In the middle of Parashat Chukat, we read the well-known story of Moshe hitting the rock in order to extract water. The Chumash tells us that Hashem commands Moshe and Aharon to speak to the rock in order to extract water from it. When Moshe approaches the rock, instead of talking to it, he hits the rock with his staff twice and water comes out. Hashem becomes angry at Moshe and Aharon for this, and he punishes them by frobidding them to enter Eretz Yisrael: “VaYomer Hashem El Moshe VeEl Aharon Ya’an Lo He’emantem Bi Lehakdisheini LeEinei Benei Yisrael Lachein Lo Tavi’u Et HaKahal HaZeh El HaAretz Asher Natati Lachem,” “Hashem said to Moshe and Aharon, ‘because you did not believe in me to sanctify me in the eyes of Bnei Yisrael, therefore you will not bring this congregation to the land I have given them’” (BeMidbar 20:12). Almost all the commentaries have the same question that Rashi poses. What sin did Moshe and Aharon commit? The Torah does not explicitly tell us what made them worthy of punishment; it simply records that they are punished?
Rashi (20:12 Lehakdisheini) explains that the sin was that Moshe struck the rock instead of speaking to it. Had he spoken to the rock, it would have sanctified Hashem’s name before Bnei Yisrael, as they would have understood that if a rock – which cannot speak or hear – follows Hashem’s will, then we must follow Hashem’s will as well. While this is the famous answer, this is certainly not the only answer to our original question, as numerous commentaries offer many different answers as to the nature of the sin.
Ramban poses the same question as Rashi, but he presents serious objections to Rashi’s answer. Ramban (20:1 s.v. VaYeishev HaAm BeKadeish) raises two main objections to Rashi’s explanation of the sin. Earlier in the chapter, Hashem tells Moshe to “take the staff… and speak to the rock” (20:8). According to Ramban, this command to take the staff implied that Moshe was supposed to use it. Had Hashem wanted Moshe to only talk to the rock, why would he command him to take a staff? Furthermore, if the reason Moshe was supposed to speak to the rock was to sanctify Hashem’s name, then how is extracting the water from the rock by hitting it less of a miracle and a sanctification of Hashem's name than extracting water by speaking to it? Both ways would cause Bnei Yisrael to reflect and to realize that if the rock fulfills Hashem’s will, then they should too.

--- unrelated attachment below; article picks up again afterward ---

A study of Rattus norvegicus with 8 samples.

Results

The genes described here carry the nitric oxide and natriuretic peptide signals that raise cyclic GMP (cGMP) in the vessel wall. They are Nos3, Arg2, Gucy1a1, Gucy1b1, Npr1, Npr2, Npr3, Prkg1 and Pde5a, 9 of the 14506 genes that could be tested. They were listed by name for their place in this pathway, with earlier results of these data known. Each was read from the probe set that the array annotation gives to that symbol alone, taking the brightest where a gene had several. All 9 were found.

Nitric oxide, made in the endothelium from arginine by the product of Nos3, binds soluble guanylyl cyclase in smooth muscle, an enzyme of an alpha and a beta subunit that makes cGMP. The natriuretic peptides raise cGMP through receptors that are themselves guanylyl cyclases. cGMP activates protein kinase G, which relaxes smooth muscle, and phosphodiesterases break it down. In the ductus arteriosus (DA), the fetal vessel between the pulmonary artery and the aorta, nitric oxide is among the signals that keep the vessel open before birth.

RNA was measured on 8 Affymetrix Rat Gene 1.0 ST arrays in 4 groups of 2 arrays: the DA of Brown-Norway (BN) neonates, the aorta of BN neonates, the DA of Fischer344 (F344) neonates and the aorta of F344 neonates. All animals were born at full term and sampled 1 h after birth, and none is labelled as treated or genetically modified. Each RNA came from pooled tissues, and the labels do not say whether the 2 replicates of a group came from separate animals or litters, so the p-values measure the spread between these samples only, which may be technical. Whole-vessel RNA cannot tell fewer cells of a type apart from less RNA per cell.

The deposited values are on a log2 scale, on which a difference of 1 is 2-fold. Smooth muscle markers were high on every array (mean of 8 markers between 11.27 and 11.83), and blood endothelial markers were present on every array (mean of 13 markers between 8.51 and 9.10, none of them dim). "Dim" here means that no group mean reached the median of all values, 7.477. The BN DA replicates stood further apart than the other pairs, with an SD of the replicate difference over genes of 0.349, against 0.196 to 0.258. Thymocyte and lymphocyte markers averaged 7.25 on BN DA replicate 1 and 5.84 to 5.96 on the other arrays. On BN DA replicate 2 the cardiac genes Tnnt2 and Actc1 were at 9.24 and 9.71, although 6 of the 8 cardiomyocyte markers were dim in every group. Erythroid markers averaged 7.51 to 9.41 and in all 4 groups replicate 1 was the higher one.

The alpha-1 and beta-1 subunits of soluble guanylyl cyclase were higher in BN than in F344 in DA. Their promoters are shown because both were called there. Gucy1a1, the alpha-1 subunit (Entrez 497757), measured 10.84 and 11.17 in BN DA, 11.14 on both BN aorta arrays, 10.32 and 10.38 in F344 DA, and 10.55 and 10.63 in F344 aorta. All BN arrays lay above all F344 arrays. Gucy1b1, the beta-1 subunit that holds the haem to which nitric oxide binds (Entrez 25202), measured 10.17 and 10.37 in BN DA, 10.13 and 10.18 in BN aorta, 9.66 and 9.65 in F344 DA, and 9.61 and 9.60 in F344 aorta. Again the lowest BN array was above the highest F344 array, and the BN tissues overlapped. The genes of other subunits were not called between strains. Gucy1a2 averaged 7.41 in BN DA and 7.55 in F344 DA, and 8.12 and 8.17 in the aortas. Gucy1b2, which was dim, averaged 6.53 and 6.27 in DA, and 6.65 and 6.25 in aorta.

Ramban quotes the answer to which he subscribes, the answer presented by Rabbeinu Chananeil. Rabbeinu Chananeil (20:12 Ya’an Lo He’emantem Bi) writes that Moshe’s sin was in the way he spoke to Bnei Yisrael about extracting water from the rock. Having gathered Bnei Yisrael, Moshe and Aharon tell them, “‘Listen now, rebels, shall we bring forth water for you from this rock?’” (BeMidbar 20:10) Rabbeinu Chananeil explains that Moshe’s and Aharon’s sin was not that they hit the rock, but rather that they did not make it clear that it was Hashem who is responsible for the upcoming miracle of extracting water from the rock; instead, they asked Bnei Yisrael if they themselves should extract the water.
The approach of Moshe and Aharon being punished because they failed to sanctify Hashem’s name is supported by two Pesukim towards the end of Devarim, in which Hashem tells Moshe, “And die on the mountain upon which you are climbing and be gathered to your people, just as your brother Aharon died on Mount Hor and was gathered to his people, because you betrayed Me in the midst of Bnei Yisrael at the waters of Merivat Kadeish, [in] the desert of Tzin, [and] because you did not sanctify Me in the midst of Bnei Yisrael” (Devarim 32:50-51). When Hashem in Sefer Devarim carries out the punishment promised here in Parashat Chukat, Hashem explains that Moshe failed to sanctify His name in the desert, which, according to Rabbeinu Chananeil, is referring to Moshe’s and Aharon’s failure to mention that it is Hashem who will perform the miracle of extracting the water from the rock.
While there are many different lessons that can be gleaned from the debate amongst the commentaries about what the actual sin was, I think the lesson that stands out is the importance of realizing and acknowledging that everything comes from Hashem. As Rabi Chaninah teaches, “HaKol BiDei Shamayim Chutz MiYir’at Shamayim,” “Everything is in the hands of God except for fear of God (Berachot 33b). If Moshe, someone who is described in the Torah as being humbler than any man (BeMidbar 12:3) and Aharon, who is described as being a lover of peace and pursuer of peace (Avot 1:12), were not allowed into Israel because, when addressing the nation about the rock, they didn't make it clear that everything is in the hands of Hashem, then all the more so we should acknowledge that everything we have comes from Hashem. May we merit Hashem grantinge us all many successes in life, and that we always remember Who facilitates our successes.